Tomorrow’s new episode is one of my absolute favorites (just as parents love all their kids but still have a favorite). It’s at North by Northwest Restaurant and Brewery in Austin, or it starts there anyway. The real fun was travelling outside of Austin to a scrubby field full of prickly pear cactus to harvest the fruit for a prickly pear saison.
The field trip was fabulous – especially when our guide, brewer Kevin Roark, warned Michael Ferguson to watch out for rattlesnakes. And yes, being in Texas always feels a little like being in a movie or a theme park (as it did when I lived there back in the 80’s).
But what I enjoyed most was the idea of going back in time to make beer the way they did centuries ago – by using whatever grows in the area. Long before the reinheitsgebot German beer purity law tightened things up, and even longer before transportation made it possible to ship key ingredients from place to place, beer was created out of whatever grains or other edibles were available. Before hops were discovered, brewers used a variety of herbs, plants and spices for flavor. Centuries ago, beers contained everything from olive oil to bog myrtle to mugwort. Early American colonists brewed beer from corn at Jamestown – they had no access to barley.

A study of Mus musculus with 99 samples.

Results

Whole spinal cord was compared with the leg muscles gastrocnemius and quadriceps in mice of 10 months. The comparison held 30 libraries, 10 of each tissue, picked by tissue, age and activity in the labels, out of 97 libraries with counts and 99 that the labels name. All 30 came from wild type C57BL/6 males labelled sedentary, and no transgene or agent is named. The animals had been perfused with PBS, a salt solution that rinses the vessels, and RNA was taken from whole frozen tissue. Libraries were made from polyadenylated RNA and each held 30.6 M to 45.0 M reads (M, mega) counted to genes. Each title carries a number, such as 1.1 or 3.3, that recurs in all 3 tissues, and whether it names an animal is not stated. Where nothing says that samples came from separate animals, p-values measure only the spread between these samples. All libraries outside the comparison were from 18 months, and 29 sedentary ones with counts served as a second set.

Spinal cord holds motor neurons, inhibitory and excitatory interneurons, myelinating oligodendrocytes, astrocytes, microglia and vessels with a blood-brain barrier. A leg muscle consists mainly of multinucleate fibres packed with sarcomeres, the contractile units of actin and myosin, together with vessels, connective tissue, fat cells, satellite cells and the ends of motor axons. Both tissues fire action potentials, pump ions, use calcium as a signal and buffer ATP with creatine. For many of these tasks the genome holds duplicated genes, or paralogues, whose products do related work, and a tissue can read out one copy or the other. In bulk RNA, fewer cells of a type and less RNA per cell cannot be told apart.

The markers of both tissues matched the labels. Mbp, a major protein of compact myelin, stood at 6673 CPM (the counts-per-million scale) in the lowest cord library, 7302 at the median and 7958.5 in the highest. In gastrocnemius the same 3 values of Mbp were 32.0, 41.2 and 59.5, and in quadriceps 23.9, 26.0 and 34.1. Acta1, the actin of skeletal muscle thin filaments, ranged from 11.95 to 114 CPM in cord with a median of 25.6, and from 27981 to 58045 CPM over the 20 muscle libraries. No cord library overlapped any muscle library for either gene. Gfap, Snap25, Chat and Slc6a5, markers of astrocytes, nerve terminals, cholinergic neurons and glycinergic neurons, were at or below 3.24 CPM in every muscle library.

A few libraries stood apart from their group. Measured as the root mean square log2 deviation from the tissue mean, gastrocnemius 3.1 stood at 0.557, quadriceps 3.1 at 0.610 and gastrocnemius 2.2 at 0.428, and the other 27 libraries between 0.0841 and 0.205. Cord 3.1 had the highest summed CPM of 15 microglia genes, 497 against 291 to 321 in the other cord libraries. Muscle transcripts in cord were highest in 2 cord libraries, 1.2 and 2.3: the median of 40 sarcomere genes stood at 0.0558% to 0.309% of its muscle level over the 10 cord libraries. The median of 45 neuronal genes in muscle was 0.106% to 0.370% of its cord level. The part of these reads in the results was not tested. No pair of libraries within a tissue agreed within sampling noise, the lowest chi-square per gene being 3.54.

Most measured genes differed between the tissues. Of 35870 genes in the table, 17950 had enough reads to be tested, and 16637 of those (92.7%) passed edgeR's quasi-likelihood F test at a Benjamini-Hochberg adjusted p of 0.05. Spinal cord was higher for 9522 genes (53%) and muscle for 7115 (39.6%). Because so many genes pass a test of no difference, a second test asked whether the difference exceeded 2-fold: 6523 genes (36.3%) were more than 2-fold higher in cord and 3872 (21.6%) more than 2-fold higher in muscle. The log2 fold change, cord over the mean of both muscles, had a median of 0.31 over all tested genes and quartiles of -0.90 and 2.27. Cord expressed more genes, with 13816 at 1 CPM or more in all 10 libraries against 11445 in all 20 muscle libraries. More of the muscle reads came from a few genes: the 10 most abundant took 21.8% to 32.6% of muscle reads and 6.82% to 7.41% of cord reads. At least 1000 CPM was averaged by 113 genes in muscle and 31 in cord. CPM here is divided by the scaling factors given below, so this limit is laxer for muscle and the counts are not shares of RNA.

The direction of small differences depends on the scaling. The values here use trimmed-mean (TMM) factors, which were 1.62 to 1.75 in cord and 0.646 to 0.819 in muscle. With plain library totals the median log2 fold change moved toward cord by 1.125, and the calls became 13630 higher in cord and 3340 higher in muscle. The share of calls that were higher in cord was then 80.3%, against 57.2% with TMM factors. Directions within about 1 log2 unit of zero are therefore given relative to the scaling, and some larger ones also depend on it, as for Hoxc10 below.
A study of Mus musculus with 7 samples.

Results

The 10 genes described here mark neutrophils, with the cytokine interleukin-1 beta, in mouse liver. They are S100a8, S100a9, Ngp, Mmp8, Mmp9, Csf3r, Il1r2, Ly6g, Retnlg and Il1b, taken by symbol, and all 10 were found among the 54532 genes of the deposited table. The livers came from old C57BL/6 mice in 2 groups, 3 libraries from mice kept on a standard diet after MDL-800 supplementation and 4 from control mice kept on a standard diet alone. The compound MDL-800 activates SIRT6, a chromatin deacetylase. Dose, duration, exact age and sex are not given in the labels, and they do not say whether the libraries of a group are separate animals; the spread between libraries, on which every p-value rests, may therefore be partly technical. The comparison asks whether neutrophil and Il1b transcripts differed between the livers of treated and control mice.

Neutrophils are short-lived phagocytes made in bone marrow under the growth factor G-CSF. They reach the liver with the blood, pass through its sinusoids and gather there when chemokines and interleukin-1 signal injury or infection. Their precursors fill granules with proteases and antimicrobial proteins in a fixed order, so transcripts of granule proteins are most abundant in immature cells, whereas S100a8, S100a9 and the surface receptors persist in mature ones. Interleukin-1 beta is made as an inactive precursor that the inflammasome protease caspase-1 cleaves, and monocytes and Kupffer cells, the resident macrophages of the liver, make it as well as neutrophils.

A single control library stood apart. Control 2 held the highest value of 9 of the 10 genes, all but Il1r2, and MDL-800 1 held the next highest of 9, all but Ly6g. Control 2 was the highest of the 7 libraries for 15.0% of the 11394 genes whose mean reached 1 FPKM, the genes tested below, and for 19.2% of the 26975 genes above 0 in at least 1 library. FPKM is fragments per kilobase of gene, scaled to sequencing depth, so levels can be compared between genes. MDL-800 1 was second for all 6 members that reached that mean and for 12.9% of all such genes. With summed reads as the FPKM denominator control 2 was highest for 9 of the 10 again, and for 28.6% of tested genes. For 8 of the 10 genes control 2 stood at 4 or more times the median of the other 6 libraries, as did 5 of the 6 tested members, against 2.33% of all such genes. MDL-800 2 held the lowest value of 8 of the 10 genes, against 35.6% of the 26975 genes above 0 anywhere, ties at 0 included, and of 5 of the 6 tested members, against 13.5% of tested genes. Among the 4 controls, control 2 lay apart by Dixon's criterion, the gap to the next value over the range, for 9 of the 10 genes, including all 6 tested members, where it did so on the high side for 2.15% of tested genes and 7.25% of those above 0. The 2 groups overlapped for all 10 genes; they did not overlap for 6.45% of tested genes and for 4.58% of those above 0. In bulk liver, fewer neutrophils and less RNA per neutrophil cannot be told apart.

Our prickly pear saison worked very, very well. The subtle roundness and sweetness of the prickly pear meshed wonderfully with the saison yeast of the base beer, creating a pleasing, well integrated flavor. In this case, the adjunct made sense and helped make an excellent beer.
But as more and more brewers turn to fruits and other added ingredients, more and more I find myself asking why? The answer far too often, in my view, is marketing. The craft consumer wants variety. And with more people considering craft beers, brewers find an increasing need to stand out on the shelf. The result? In many cases, gimmicks - combinations and additions that get noticed, but that don’t necessarily work well.
And look, this is subjective as hell. I recently tried an ale featuring hazelnuts that I couldn’t stand. Yet, it's a multi award winner. And perhaps it fulfilled the technical requirements to be judged so at a particular competition. But it didn't fulfill the requirements that it taste good in my mouth. There’s raspberry ale from one of America’s best-regarded breweries that I can’t stand – it tastes like raspberry soda with a hop kick at the end.
I’m not opposed to added flavors – if they make sense, if they are part of an overall flavor profile that is pleasing, if they result in a terrific beer such as the prickly pear saison we brewed at North by Northwest. So brewers, please, think about the entire painting – not just the fun of using a lot of one particular color.